More than two decades ago, in 1990, voters in Orange County, CA, approved a half-cent sales tax for transportation improvements. By the time Measure M expired on March 31, 2011, it had provided more than $4 billion in aid to public transportation, freeways, and local roadways.
“These county sales tax measures in California are the absolute pristine example of performance,” said Will Kempton, chief executive officer of the Orange County Transportation Authority (OCTA). “The public is advised at the outset what they’re going to get and when they’re going to get it, and the program has to deliver on these programs. Our slogan was ‘Promises Made, Promises Kept.’”
Kempton said the measure appeared on the ballot twice before it finally passed by a simple majority. Subsequently, the California Supreme Court ruled that county tax votes must pass by a two-thirds majority: “When we went back to the voters [to renew Measure M] in 2006—after the success of the first measure was very obvious, after the voters had received the outcomes they wanted—they approved the measure by nearly 70 percent.”
He called fulfillment of the measure’s promises “a self-fulfilling prophecy. We can go back to the voters and ask if they’d like to do it again, and as long as we deliver, generally the public is quite pleased.”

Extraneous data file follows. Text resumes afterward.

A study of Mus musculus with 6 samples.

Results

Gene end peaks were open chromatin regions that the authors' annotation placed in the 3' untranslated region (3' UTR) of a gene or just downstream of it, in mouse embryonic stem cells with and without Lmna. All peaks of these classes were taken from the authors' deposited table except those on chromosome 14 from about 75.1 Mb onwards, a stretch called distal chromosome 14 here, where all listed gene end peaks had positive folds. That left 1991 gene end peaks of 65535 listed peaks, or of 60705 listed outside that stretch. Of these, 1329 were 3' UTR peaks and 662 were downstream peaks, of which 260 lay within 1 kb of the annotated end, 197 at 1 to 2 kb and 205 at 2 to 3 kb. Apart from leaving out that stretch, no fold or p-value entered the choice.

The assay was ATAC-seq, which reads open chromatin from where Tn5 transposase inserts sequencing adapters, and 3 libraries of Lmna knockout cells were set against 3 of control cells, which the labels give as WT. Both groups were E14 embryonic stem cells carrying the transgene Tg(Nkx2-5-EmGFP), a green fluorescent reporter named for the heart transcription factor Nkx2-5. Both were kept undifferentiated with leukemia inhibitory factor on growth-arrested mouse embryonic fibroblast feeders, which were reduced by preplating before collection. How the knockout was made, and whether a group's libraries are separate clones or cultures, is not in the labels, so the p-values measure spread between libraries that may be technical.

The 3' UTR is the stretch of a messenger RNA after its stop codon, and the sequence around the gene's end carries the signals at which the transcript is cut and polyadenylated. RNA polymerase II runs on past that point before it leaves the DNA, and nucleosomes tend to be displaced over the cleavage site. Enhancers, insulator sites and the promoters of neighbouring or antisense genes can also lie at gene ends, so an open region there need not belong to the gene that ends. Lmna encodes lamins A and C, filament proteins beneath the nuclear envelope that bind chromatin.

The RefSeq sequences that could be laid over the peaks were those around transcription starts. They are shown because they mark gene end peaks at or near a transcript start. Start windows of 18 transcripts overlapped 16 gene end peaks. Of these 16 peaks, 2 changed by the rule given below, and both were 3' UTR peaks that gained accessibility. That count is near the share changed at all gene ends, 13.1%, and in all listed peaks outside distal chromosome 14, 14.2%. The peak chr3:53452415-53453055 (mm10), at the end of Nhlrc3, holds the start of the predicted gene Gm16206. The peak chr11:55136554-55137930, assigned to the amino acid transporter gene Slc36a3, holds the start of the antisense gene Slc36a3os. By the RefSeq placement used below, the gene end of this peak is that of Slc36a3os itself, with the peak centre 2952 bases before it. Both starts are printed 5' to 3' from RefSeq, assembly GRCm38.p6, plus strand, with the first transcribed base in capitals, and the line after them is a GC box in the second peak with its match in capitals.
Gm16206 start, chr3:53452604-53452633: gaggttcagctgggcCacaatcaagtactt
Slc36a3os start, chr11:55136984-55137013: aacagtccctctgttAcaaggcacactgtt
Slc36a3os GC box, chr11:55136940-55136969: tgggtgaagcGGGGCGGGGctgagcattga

Under Measure M, 43 percent of tax revenues funded freeway projects, with 32 percent for streets and roads and 25 percent for public transit—including Metrolink commuter rail and service for seniors and persons with disabilities. Specifically, the measure provided $1 billion for Metrolink service and bus fare stabilization for seniors and persons with disabilities; $1.75 billion to upgrade to every Orange County freeway; and $1.3 billion for city street and road projects.
During its 20 years of operation, Measure M supported the implementation of Metrolink service in Orange County and $600 million to local agencies for improvements.
Kempton explained that, in addition to operating public transportation, OCTA is in charge of implementing sales tax improvements for all transportation services in the county.
“It’s very critical that you follow the guidelines provided by the voters,” he said regarding the distribution of funds. “It’s important to build the program based on input from the community, what the voters would like to see. In Orange County, the majority would like to see funding for the streets, roads, and freeways, but also an investment in transit.”
Although Measure M has now expired, its successor—Measure M2, another half-cent sales tax—went into effect April 1. OCTA anticipates that this 30-year measure will raise $15 billion over the next 30 years.
“We’re moving full speed ahead on implementation of this second measure,” Kempton said, “and we’re looking forward to as much success with M2 as we had with M1. ‘Promises Made, Promises Kept’ was not just a slogan.”